HB 2463
As Reported by House Committee On:
Agriculture and Natural Resources
Title: An act relating to conducting a review of salmon planning and recovery efforts.
Brief Description: Conducting a review of salmon planning and recovery efforts.
Sponsors: Representatives Lekanoff and Pollet.
Brief History:
Committee Activity:
Agriculture and Natural Resources: 1/30/24, 1/31/24 [DP].
Brief Summary of Bill
  • Directs the Joint Legislative Audit and Review Committee to conduct a performance audit of salmon planning and recovery efforts in two watersheds in Eastern Washington and two watersheds in Western Washington.
Majority Report: Do pass.Signed by 11 members:Representatives Chapman, Chair; Morgan, Vice Chair; Reeves, Vice Chair; Dent, Ranking Minority Member; Chandler, Assistant Ranking Minority Member; Kloba, Kretz, Lekanoff, Orcutt, Schmick and Springer.
Staff: Rebecca Lewis (786-7339).

Salmon Recovery.
Several species of salmon, as well as Puget Sound steelhead trout, are listed as either threatened or endangered under the federal Endangered Species Act.  The Governor's Salmon Recovery Office, administered through the Recreation and Conservation Office (RCO), is responsible for coordinating state strategy for salmon recovery.  The Department of Fish and Wildlife (DFW) is responsible for managing the state's fish and wildlife resources.  Several other state agencies, including the Departments of Ecology and Natural Resources, the State Conservation Commission, and the RCO, either have regulatory authority with respect to various aspects of natural resource and land management related to salmon recovery, administering grant funding for salmon recovery projects, or both.

The Joint Legislative Audit and Review Committee.
The Joint Legislative Audit and Review Committee (JLARC) is a statutorily created body consisting of eight members from the Senate and eight members from the House of Representatives, with no more than four members from each house from the same political party.  The JLARC conducts a variety of analyses including performance audits, program evaluations, and sunset reviews.
At the end of each legislative session in an odd-numbered year, JLARC must develop and approve a performance audit work plan for the ensuing biennium.  The work plan must include a description of each audit and its cost.  When considering the work plan, JLARC must consider:

  • whether a newly created or significantly altered program warrants continued oversight because of a significant fiscal impact or a high risk of not succeeding;
  • whether implementation of the program has significantly failed to meet its goals and objectives;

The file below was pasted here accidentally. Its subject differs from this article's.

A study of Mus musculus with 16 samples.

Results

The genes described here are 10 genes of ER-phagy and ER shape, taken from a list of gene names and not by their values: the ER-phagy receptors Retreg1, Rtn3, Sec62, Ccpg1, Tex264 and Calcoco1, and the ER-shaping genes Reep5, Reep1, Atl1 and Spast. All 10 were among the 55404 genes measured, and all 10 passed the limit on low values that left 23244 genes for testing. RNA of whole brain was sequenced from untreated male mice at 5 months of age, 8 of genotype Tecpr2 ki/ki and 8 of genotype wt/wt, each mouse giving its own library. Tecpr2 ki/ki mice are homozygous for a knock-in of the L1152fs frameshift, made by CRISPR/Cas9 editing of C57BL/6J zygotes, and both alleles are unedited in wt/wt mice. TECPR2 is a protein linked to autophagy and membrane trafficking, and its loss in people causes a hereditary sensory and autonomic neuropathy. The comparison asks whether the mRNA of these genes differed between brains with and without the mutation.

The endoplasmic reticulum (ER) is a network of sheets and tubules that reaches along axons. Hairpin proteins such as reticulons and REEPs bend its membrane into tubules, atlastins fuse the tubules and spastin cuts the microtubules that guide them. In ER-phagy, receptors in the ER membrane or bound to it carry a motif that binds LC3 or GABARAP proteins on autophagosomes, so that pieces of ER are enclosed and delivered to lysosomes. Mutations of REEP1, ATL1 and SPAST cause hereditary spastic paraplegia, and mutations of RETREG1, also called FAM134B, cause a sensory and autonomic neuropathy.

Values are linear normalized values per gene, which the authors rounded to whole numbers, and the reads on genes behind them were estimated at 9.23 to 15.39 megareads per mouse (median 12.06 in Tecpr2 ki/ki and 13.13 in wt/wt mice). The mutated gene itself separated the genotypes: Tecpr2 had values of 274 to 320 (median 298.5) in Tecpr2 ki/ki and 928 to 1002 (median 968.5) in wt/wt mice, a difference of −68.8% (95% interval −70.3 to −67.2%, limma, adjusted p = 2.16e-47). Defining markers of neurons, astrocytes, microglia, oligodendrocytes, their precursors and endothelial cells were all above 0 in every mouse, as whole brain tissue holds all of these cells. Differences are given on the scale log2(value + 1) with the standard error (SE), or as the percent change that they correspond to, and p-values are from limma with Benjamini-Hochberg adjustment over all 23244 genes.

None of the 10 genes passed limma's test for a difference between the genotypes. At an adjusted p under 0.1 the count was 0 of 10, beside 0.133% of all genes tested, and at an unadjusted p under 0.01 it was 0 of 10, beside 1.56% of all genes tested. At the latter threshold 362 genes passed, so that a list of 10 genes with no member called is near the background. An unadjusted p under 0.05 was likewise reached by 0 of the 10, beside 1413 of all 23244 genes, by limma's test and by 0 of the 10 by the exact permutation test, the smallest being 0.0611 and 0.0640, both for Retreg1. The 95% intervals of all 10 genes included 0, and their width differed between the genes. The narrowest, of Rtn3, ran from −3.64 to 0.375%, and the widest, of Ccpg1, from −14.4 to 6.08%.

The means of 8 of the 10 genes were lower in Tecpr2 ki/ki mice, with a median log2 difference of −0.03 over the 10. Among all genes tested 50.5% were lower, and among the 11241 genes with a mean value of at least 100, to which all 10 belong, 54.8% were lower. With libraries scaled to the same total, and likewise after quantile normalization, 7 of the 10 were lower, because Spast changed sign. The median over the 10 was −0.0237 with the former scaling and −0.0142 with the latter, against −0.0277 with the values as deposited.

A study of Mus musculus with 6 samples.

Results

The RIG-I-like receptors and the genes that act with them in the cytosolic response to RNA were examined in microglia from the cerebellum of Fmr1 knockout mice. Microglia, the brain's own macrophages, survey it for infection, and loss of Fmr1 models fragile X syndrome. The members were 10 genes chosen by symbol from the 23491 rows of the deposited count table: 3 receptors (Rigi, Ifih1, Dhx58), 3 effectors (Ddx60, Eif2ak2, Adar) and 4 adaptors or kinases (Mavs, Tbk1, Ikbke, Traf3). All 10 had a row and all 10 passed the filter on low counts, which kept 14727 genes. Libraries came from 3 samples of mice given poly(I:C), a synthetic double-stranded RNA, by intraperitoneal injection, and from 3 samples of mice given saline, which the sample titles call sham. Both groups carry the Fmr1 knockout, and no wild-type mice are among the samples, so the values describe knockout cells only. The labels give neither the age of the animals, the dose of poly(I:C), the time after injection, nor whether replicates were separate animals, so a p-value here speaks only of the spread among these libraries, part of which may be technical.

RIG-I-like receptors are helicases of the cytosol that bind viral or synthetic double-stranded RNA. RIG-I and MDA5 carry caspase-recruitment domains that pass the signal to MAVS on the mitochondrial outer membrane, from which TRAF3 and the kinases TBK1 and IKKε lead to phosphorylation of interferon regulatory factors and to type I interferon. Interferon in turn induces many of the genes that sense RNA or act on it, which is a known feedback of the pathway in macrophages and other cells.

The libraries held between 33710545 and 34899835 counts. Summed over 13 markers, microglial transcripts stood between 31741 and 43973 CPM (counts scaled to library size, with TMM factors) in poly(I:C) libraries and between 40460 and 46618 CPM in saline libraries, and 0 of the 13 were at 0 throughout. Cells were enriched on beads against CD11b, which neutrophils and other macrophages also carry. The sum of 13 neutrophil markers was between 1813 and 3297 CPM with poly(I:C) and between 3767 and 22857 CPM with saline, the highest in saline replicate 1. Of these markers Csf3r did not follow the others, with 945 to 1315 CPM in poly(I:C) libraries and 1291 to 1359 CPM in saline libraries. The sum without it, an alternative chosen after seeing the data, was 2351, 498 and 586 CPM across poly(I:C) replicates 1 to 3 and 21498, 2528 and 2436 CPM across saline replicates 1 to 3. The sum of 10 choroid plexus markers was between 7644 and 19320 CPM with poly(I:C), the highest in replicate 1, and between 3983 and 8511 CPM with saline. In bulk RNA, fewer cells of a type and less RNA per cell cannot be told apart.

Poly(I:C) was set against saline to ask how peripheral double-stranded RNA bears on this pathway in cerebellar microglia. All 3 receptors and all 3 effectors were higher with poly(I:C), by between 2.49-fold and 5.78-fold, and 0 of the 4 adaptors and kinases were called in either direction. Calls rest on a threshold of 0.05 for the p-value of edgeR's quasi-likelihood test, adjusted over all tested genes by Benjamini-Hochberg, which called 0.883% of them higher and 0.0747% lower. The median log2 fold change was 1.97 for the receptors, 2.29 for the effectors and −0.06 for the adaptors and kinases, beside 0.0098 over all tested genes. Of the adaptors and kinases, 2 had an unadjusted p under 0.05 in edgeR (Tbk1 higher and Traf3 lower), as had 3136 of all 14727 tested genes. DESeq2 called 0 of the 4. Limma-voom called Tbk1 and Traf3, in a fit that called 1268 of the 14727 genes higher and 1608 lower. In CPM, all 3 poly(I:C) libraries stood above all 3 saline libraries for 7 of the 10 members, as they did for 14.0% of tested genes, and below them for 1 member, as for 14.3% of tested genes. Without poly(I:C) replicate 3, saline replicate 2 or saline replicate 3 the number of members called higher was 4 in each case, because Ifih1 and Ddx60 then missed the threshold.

• whether a follow-up audit would ensure that previous recommendations for improvements were implemented; and
  • whether JLARC is required to do an audit by enacted legislation.
Summary of Bill:

The Joint Legislative Audit and Review Committee (JLARC) must conduct a performance audit of salmon planning and recovery efforts within four watersheds in Washington.  Two of the watersheds identified by JLARC for the performance audit must be located east of the Cascade Mountains, and two must be located west of the Cascade Mountains.  Within these watersheds, the performance audit must identify:

  • the local, state, federal, and comanagers involved in recovery efforts and other relevant entities whose work may impact recovery efforts;
  • the extent to which recovery efforts include shared and measurable goals for recovery and the extent to which work is coordinated;
  • the extent to which scientific data is defined consistently, shared, and used to inform decision-making;
  • plans for assessing progress made in implementing recovery efforts; and
  • funding for recovery efforts, as well as constraints imposed by funding sources.


The audit must be completed by December 31, 2026.

Appropriation: None.
Fiscal Note: Preliminary fiscal note available.
Effective Date: The bill takes effect 90 days after adjournment of the session in which the bill is passed.
Staff Summary of Public Testimony:

(In support) Washington is celebrating 50 years of salmon comanagement since the Boldt Decision was issued.  This study will help assess where Washington is regarding salmon recovery and help policymakers become salmon talkers.  There is a need for metrics and to understand who is in charge of the salmon, but it is hard to know what metrics to consider until it is clear where Washington stands with respect to salmon recovery.  Salmon are important to both the economy of Washington and the identity of Washingtonians.  There is a need for a statewide plan.  Current bureaucratic processes put Tribes in the same position as the public instead of in the role of comanagers and makes upholding treaty obligations difficult.  The Lummi Tribe have been stewards of the land since time immemorial and continue work to recover salmon and habitat, including adopting a 10-year hatchery plan to return salmon populations to the more abundant numbers of the 1980s.  The Lummi Tribe has also been engaged in fixing habitat problems that the Tribe did not create.  There is hope that this analysis would lead to greater access to salmon recovery funding for Tribes, actual recovery of salmon, and finding a different system that honors the role of Tribes as comanagers.  

(Opposed) None.

(Other) There is a need for a review of salmon recovery in Washington, but this is not the way to do it.  The Boldt Decision is not decisive on commercial use of land.  There are already metrics and millions of dollars have been spent on culverts and landscaping projects purported to be salmon habitat recovery projects.  Local Tribes do have authority with regard to salmon recovery projects.

Persons Testifying:

(In support) Representative Debra Lekanoff, prime sponsor; and Lisa Wilson, Lummi Nation.

(Other) John Worthington.
Persons Signed In To Testify But Not Testifying: None.